John Deere among 13 firms concluding Russian exits in June

This brings the number of businesses that have fully left Russia since the full-scale invasion of Ukraine to only 409, while more than 2,000 are still doing business as usual in Russia, thus contributing to its highly militarized economy.

The list of the most recent Russia leavers includes the US heavy equipment manufacturer John Deere, the German camera manufacturer Leica Camera, the US semiconductor manufacturer Texas Instruments, the German export credit insurance company Euler Hermes, the Dutch semiconductor manufacturer NXP Semiconductors, the Irish mobile games developer Playrix, the Sri Lankian telecommunications service provider Dialog Axiata, the Austrian formwork solutions firm Doka, the international alcohol holding company Global Spirits, the Danish pump manufacturer Grundfos, the German live commerce provider Home Shopping Europe (HSE), the German manufacturer of road construction equipment Wirtgen-International-Service, and the Japanese logistics services provider Yusen Logistics.

According to KSE, multinationals pay annually an estimated 20 billion in corporate taxes to the government led by internationally wanted war criminals. Fast-moving consumer goods firms (FMCGs) comprise the second-highest revenue-generating and tax-paying sector in Russia, after alcohol and tobacco, making a significant contribution to the country’s war economy. Ironically, FMCG firms are those that pride themselves on their “social purpose” and strong commitment to Environmental, Social, and Governance (ESG) principles.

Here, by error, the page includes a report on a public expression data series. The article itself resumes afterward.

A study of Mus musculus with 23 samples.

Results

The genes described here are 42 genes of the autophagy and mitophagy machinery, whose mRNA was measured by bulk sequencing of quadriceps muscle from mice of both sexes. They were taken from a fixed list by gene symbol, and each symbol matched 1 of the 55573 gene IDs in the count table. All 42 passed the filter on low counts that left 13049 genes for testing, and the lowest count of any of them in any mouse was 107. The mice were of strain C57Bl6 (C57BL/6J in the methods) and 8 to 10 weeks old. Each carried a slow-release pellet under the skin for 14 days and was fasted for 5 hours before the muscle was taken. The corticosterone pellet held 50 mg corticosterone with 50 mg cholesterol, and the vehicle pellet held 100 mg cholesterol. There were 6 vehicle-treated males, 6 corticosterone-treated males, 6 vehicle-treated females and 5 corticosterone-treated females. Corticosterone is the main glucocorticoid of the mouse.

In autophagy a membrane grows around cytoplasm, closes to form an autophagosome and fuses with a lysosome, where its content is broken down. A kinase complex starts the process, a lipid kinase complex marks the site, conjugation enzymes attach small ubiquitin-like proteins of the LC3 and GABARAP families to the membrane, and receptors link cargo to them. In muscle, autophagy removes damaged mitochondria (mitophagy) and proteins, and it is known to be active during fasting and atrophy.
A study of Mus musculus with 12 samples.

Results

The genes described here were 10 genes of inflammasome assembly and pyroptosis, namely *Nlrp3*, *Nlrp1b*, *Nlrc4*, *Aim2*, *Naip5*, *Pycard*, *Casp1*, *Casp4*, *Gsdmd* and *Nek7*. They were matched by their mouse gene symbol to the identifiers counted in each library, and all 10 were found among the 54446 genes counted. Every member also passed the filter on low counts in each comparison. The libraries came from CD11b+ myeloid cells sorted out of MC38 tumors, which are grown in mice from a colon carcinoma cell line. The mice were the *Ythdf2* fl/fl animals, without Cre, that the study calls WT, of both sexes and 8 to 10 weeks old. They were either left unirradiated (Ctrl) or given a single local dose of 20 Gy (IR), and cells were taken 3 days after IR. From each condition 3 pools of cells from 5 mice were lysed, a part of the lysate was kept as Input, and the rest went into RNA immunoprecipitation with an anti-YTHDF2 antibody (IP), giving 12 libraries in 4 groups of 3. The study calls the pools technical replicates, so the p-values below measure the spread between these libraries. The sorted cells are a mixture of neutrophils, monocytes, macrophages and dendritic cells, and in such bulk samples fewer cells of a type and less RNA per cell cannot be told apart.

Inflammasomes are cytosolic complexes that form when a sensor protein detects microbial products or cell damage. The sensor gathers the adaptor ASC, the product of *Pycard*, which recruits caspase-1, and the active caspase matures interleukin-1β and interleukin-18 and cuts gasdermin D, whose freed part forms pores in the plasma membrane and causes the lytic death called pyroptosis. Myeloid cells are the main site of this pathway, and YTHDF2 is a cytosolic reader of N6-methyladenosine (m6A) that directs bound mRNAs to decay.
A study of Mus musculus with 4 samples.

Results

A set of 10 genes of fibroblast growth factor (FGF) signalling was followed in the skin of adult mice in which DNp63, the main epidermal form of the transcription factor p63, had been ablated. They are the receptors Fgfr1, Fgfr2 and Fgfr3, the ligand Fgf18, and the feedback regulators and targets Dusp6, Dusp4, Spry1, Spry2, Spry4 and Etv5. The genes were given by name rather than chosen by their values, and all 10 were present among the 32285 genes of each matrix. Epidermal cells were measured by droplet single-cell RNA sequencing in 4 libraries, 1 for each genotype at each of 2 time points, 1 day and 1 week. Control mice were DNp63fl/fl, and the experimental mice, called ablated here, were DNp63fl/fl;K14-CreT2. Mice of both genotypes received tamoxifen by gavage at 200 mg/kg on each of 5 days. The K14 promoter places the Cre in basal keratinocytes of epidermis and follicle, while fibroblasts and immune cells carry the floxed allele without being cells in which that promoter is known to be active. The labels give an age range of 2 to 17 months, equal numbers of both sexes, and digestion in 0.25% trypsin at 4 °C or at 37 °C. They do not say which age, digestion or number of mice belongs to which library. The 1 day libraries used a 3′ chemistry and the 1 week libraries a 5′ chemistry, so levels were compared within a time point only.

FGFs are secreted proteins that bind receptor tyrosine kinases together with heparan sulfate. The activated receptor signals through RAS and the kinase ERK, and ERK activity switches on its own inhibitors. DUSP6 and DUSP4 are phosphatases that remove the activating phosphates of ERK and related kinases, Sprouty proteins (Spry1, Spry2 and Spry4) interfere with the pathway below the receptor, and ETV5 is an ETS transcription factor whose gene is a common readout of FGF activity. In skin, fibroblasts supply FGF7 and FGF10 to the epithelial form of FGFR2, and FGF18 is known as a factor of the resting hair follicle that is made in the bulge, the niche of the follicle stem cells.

The FMCG sector includes major brands such as Mondelez ($1.4 billion in revenue in Russia in 2023), PepsiCo ($4.2 billion), Mars ($2.9 billion), Procter & Gamble ($1.8 billion), Nestle ($2.8 billion), and Unilever ($700 million). All of the six firms have been named “International Sponsors of War” by the Ukrainian government for their significant contribution to Russia’s war economy.

All these firms argue that they provide ‘essential’ goods and show concern for the welfare of their Russia-based employees while producing chocolates and biscuits, while also being obliged to help the state recruit eligible employees.

A recently issued US Government Business Advisory on Russia clarifies the risks for US companies still doing business in the country, including the risk of being complicit in Russia’s growing number of war crimes, which currently stands at over 130,000.

The B4Ukraine Coalition calls on all international companies still doing business in Russia to drop their keys and leave the market of the aggressor state. G7 and allied governments should swiftly follow US suit and issue similar guidance to their own companies.